Alfonso Soriano is coming back to the Bronx. The former Yankee farmhand that played in two World Series, clubbed a would-be title-clinching homer in 2001, finished third in the A.L. MVP vote in 2002 and was dealt to Texas for Alex Rodriguez in 2004 was traded from the Cubs to the Yankees today in exchange for a Class A pitching prospect, Bob Nightengale reports.
He's 37 now (?!) and has been an average player this year in Chicago, but looking at the Yankees offense he sure can't make matters worse.
Soriano was an old favorite and it made me wonder who had the longest span between stints with the Yankees. After Excel-ing my way through the franchise player and pitcher registers on Baseball-Reference I've found that Soriano will be the 20th player to leave the Yankees and play at least five seasons with another club(s) before coming back:
|Player||First Tenure||Full Seasons Away||Return|
|Mike Hegan||1964, 66-67||5||1973-74|
Only two players have gone longer than Soriano's nine seasons between pinstripe tenures. Al Leiter came up in 1987 and made 22 starts over the course of three injury-plagued seasons before being traded to Toronto for Jesse Barfield in 1989. He resurrected his career, winning championships with the Blue Jays and Marlins, along with another pennant with the Mets.
The Yankees struggled badly out of the gate in 2005, going 11-19 to start the year and they sat six games out of first in July. The Yankees picked him up from the Marlins more than 16 years after his last game with the team, and he made his return in a Sunday Night Baseball game at Fenway Park. Leiter held the Red Sox to one run in six and one-third innings as the Yanks won to pull within a half-game of first-place Boston. They passed the Sox the next day and eventually won the division title thanks in part to fellow scrap-heap acquisitions Aaron Small and Shawn Chacon.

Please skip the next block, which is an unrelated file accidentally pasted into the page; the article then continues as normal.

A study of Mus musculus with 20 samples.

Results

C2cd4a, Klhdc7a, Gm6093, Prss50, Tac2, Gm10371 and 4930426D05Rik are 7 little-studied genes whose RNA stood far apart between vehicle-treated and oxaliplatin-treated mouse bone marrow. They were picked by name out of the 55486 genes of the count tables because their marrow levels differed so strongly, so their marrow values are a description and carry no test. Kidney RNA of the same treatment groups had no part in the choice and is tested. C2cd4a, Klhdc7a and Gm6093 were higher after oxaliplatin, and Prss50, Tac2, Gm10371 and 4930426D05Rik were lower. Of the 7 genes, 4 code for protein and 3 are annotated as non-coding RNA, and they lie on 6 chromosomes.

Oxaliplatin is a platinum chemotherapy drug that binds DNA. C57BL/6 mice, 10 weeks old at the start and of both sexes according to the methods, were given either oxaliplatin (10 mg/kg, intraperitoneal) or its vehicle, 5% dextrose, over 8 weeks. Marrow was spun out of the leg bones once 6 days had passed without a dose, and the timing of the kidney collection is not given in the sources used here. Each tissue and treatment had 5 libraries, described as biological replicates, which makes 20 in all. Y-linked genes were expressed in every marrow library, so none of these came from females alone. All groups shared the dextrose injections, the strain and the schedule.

His last appearance on a big league mound was in Game Four of the 2005 ALDS at Yankee Stadium against the Angels. New York trailed the series and the game 2-1 when Leiter came in to face Darin Erstad with one on and one out in the seventh inning. He induced a 4-6-3 double play to end the frame and he picked up the win when the Yankees came back in the bottom of the inning. They evened the series, but lost the deciding fifth game the next night in Anaheim.
The player between Leiter and Soriano bookended a long, successful run with the Athletics with brief cameos in New York. Deadball-era outfielder Rube Oldring played eight games with the New York Highlanders in 1905 and was taken in the Rule 5 draft by Connie Mack's Philadelphia Athletics. Oldring would man center field for the 1911 World Series winner before sliding to left for back-to-back pennant winners in 1913 (another title) and 1914 (stunningly swept by the Miracle Braves in the Fall Classic). Mack began dismantling his first dynasty in 1915 and during the fire sale released Oldring the following year. Rube signed with the Yankees a couple of weeks later, but only played 43 games before being let go again and retiring. He returned to the A's in 1918 for 49 games, then hung it up for good.
And then there's Soriano, third on the list once he takes the field as a Yankee for the second time. The club's hitting is in dire straits, and while he likely won't be the savior, he still has some power and it's nice to have an old friend back.